See Do Experience
I am the river, the river is me
E rere kau mai te Āwanui, Mai i te Kāhui maunga ki Tangaroa. Kō au te Āwa, kō te Āwa kō au.
This settlement on the Whanganui River Rd holds a history and beauty so precious it needs to be visited to be fully appreciated.
Covid-19 notice: St Joseph’s Catholic Church and Convent at Jerusalem is currently closed to the public due to Covid-19.
Jerusalem, Hiruhārama in Māori, is a tiny settlement 66 kilometres up the Whanganui River Rd. It was originally called Patiarero and was one of the biggest settlements on the Whanganui River in the 1840s with several hundred Ngāti Hau inhabitants of the iwi Te Āti Haunui a Pāpārangi. Many Whanganui River settlements were given new place names by Reverend Richard Taylor in the 1850s.
Jerusalem Whanganui was an isolated site where, in 1892, Suzanne Aubert (known as Mother Mary Joseph) established the congregation of the Sisters of Compassion. They became a highly respected charitable nursing and religious order.
Also established was the Jerusalem Foundling Home in 1886 which housed and cared for abandoned children from around New Zealand. A convent remains in Jerusalem as well as the Church where the Sisters of Compassion still care for the buildings and the history of the site.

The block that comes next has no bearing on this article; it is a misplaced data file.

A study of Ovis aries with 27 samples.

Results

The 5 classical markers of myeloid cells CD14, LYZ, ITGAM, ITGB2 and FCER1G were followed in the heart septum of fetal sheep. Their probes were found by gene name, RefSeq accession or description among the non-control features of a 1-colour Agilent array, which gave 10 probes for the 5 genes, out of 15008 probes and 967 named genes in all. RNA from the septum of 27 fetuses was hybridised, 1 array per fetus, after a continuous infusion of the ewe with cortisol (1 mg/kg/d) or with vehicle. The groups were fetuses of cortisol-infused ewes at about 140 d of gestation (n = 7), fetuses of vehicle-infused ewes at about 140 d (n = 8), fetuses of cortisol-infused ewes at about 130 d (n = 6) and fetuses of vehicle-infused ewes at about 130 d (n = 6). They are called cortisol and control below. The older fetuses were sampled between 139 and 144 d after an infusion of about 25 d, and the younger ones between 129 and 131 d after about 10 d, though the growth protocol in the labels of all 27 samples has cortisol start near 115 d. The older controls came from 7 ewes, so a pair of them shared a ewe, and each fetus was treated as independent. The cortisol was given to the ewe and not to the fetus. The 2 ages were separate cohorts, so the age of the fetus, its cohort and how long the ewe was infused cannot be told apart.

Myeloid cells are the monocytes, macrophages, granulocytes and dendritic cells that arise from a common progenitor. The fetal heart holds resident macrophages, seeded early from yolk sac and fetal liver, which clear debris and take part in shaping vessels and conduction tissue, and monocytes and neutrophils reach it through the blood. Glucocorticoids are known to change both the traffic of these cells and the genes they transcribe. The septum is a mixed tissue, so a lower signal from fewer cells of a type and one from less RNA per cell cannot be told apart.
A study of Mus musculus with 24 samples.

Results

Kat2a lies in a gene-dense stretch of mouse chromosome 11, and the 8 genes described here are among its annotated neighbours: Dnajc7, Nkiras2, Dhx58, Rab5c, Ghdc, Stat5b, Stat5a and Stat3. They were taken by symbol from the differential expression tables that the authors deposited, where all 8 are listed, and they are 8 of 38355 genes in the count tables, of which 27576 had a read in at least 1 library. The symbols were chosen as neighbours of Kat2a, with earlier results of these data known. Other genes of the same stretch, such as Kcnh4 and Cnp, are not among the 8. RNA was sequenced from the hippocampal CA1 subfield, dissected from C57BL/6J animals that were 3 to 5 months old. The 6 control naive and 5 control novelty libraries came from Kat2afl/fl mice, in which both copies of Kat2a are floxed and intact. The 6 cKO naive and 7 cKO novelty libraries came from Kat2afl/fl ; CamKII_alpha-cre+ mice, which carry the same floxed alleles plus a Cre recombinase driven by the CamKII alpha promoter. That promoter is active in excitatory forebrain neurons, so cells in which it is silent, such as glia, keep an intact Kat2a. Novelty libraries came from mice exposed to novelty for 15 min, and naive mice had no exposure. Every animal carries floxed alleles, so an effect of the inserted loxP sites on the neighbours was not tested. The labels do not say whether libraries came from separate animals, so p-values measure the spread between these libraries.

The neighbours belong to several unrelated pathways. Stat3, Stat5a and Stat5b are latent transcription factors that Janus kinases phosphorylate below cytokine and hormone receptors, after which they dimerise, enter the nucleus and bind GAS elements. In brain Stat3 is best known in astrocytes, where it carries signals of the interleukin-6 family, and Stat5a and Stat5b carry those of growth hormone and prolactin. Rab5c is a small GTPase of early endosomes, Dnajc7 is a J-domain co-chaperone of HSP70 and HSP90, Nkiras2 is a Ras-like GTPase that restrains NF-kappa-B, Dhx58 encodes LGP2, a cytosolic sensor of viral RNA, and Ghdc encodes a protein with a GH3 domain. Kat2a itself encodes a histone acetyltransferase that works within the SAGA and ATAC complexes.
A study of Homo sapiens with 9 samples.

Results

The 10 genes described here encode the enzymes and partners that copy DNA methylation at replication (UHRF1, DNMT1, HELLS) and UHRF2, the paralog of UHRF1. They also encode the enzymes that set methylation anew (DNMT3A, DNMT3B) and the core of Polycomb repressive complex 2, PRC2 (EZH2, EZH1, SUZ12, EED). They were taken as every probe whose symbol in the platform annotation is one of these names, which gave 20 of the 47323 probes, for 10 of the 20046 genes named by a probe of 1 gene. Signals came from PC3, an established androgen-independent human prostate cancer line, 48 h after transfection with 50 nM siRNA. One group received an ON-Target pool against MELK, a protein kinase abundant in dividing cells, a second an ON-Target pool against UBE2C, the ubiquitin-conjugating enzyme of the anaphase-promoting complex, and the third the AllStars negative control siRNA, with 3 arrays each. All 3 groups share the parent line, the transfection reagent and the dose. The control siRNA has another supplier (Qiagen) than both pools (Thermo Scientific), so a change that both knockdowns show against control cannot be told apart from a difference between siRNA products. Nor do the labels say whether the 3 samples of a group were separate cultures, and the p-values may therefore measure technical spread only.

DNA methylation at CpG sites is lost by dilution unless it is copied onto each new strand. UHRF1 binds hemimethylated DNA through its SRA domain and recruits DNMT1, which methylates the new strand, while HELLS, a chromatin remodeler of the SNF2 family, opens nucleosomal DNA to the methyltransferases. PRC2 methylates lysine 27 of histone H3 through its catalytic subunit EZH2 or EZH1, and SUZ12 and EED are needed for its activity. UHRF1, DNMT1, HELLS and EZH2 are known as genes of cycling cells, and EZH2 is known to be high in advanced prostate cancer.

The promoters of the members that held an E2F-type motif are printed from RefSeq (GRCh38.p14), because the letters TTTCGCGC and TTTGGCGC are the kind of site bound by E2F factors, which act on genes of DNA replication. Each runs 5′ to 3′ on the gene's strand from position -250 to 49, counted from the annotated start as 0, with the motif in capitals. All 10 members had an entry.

The Catholic Church at Jerusalem is more than a century old and features a beautifully carved altar of Māori design and kowhaiwhai panels adorn the walls. Visit the rosary way garden and enjoy the peace and serenity of the surroundings.
Tt is possible to stay at the Convent in the dormitory however bookings are essential. There is also one double room with an ensuite. It is self-catering and you will need to take your own linen.
There has been a continuous presence of sisters since the convent came into being and today it remains an integral part of the community and the village public library is located there. The Sisters are privileged to have the status of tangata whenua (native to the land).
Poet James K. Baxter lived in Jerusalem and formed a retreat and commune in 1970. One of his last collections is named Jersualem sonnets and the language is colloquial describing some of his daily life at the commune.
The commune was disbanded in 1972 soon after his death and Baxter is buried nearby on tribal land.